Theatre centenary celebrations to continue with performances

The current owner of the Riverside Theatre, Stuart Saunders and Tina Wiseman.

The current owner of the Riverside Theatre, Stuart Saunders and Tina Wiseman.

A Suffolk cinema’s centenary celebrations are set to continue this weekend with a specially commissioned comedy curtain-raiser.

Events for the 100th anniversary of Woodbridge’s Riverside Theatre kicked off last month with an appearance from Hollywood director Paul Greengrass, who dropped by for a showing of his film Captain Phillips, followed by a live Q&A.

This Saturday evening, attention turns from the screen to the stage, as the Deben Players present two comedy sketches, each set in landmark years for the theatre.

Written by the amateur dramatic group’s George Holmes, the first sketch is entitled Electric and set in a typical turn of the last century drawing room with a cast of 10, including the slightly unhinged Papa, Fidget the Butler, ‘upper class twit’ Giles, Fanny the feisty maid, and the daughter of the house, Fay.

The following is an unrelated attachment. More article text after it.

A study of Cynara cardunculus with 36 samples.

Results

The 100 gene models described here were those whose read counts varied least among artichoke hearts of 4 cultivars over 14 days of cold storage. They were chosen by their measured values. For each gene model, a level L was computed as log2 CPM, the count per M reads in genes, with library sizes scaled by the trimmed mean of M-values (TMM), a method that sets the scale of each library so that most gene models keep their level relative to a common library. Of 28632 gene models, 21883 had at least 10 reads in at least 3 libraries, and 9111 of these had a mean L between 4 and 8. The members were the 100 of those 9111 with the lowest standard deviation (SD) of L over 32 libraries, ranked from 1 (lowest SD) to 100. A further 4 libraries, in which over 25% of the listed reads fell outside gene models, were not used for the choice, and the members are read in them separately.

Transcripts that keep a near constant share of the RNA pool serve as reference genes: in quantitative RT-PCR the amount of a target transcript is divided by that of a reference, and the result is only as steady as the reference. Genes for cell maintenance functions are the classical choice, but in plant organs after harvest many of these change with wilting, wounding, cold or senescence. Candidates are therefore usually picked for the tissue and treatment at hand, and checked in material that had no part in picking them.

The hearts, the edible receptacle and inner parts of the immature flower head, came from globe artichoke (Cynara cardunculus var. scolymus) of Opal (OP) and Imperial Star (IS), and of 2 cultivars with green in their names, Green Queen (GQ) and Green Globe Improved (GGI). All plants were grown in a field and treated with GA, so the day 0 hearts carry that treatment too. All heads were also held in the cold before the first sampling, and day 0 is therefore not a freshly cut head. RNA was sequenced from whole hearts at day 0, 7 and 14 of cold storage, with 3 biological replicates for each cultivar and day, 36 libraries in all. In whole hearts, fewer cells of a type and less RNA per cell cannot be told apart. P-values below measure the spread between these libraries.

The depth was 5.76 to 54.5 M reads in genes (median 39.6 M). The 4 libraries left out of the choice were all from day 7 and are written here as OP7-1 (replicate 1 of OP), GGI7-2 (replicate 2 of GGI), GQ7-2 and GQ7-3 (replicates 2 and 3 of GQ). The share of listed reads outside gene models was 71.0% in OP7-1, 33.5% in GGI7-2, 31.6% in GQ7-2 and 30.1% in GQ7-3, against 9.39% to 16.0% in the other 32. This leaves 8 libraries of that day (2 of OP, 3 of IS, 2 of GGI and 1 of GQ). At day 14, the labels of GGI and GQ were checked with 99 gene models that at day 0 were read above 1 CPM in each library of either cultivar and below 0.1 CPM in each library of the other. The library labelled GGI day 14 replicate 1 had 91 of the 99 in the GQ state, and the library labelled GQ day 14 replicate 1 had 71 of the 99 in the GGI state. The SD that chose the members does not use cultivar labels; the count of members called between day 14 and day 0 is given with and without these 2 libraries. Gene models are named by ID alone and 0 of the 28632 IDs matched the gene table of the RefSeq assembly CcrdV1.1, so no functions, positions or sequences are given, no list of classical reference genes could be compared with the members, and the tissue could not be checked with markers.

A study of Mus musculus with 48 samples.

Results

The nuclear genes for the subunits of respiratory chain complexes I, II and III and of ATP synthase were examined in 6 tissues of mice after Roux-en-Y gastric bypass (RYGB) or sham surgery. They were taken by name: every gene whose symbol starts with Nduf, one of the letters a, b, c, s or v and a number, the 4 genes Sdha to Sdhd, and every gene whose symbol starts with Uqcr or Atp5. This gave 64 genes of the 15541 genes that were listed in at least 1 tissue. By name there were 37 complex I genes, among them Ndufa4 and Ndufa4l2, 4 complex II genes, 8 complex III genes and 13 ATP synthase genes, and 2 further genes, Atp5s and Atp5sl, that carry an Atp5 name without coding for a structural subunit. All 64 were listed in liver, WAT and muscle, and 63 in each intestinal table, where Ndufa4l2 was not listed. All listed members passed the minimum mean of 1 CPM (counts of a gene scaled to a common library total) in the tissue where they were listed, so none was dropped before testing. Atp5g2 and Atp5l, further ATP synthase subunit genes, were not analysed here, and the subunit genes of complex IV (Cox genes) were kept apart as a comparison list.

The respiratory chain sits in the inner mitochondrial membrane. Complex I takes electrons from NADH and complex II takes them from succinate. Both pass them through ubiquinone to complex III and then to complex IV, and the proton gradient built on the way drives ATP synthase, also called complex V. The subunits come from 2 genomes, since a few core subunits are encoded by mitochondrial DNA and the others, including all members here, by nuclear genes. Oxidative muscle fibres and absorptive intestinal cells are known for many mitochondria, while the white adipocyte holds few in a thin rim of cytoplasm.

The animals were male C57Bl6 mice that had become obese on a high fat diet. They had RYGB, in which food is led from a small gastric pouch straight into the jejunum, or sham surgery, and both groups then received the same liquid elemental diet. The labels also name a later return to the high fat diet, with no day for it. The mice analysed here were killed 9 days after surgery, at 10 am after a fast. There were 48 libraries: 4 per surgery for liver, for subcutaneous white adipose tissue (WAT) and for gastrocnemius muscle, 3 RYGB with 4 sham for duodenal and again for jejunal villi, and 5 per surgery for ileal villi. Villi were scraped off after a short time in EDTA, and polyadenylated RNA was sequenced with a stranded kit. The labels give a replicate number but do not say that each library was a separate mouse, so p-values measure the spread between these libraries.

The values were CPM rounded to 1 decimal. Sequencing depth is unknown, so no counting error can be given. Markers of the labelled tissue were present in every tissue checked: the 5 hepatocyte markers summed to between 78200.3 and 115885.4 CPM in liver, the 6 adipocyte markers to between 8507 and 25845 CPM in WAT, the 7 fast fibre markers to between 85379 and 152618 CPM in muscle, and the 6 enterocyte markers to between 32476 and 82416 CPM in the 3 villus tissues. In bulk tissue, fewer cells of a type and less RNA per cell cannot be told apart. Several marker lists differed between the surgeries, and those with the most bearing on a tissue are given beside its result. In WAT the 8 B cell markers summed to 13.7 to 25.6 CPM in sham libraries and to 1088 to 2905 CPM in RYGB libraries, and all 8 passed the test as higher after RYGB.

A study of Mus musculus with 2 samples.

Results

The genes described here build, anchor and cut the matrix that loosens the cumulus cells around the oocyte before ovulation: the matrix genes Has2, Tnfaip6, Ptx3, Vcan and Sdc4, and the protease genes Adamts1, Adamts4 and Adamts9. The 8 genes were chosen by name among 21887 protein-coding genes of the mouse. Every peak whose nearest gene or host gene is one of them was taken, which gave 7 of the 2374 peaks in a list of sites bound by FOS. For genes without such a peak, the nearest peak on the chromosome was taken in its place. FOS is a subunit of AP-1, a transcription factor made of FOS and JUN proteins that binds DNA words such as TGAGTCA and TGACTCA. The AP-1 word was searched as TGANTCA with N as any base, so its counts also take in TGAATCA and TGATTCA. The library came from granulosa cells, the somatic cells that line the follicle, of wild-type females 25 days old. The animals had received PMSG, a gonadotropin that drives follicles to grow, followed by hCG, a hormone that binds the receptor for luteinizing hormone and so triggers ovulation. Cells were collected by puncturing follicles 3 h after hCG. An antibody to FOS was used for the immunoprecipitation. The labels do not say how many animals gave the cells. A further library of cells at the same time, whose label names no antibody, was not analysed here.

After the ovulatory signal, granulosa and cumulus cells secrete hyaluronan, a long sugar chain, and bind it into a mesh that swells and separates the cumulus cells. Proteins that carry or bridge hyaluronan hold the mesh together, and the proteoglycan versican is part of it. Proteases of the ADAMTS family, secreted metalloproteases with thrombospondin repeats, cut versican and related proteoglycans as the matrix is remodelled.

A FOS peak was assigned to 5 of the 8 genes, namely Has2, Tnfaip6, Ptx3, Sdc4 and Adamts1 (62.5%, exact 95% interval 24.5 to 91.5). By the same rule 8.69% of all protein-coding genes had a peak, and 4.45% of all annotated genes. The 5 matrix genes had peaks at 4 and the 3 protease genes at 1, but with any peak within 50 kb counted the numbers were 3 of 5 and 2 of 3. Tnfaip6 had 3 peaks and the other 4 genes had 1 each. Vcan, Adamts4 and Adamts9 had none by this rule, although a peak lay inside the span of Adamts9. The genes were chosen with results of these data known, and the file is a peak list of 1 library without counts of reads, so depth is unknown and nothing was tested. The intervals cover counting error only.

Also penned by Mr Holmes, 100 Years On unfolds in a typical turn of this century family kitchen with a cast of 10, including youngster, Gary, with his Mohican hair style, piercings and tattoos, goth girl Amy, and Gran, who is equally as mad as Papa in Electric.


The Deben Players were formed in 1964 and made the Riverside Theatre their home for more than 40 years, before moving to the Seckford Theatre, in the grounds of Woodbridge School, in 2006.


A week later, silent film accompanist Neil Brand will provide musical accompaniment for Laurel and Hardy in Big Business and Buster Keaton in The General. The writer and composer has been playing along to silent films for almost 30 years, regularly in London at the Barbican and British Film Institute, throughout the UK, and at film festivals and special events around the world. He has also written the title music and scores for TV documentaries and has twice toured nationally with comedian Paul Merton.

On Saturday, September 26, The Nancy Blackett Trust will screen the 40th anniversary edition of 1974 film Swallows and Amazons, starring Virginia McKenna, with a personal appearance and Q&A by Sophie Neville, who played the character of Titty.

The Nancy Blackett yacht, once owned by the author Arthur Ransome, will be moored near The Riverside, while sailing dinghy, Swallow, will be on show outside the theatre.

A special logo, being used for all centenary publicity, has been designed for the 100th anniversary celebrations by pupils from Farlingaye High School. They also created a ceramic plaque in the same design, which will be going on the outside of the theatre and is being unveiled during a special ceremony on the day of the Swallows and Amazons screening.

Visit for full details of the centenary.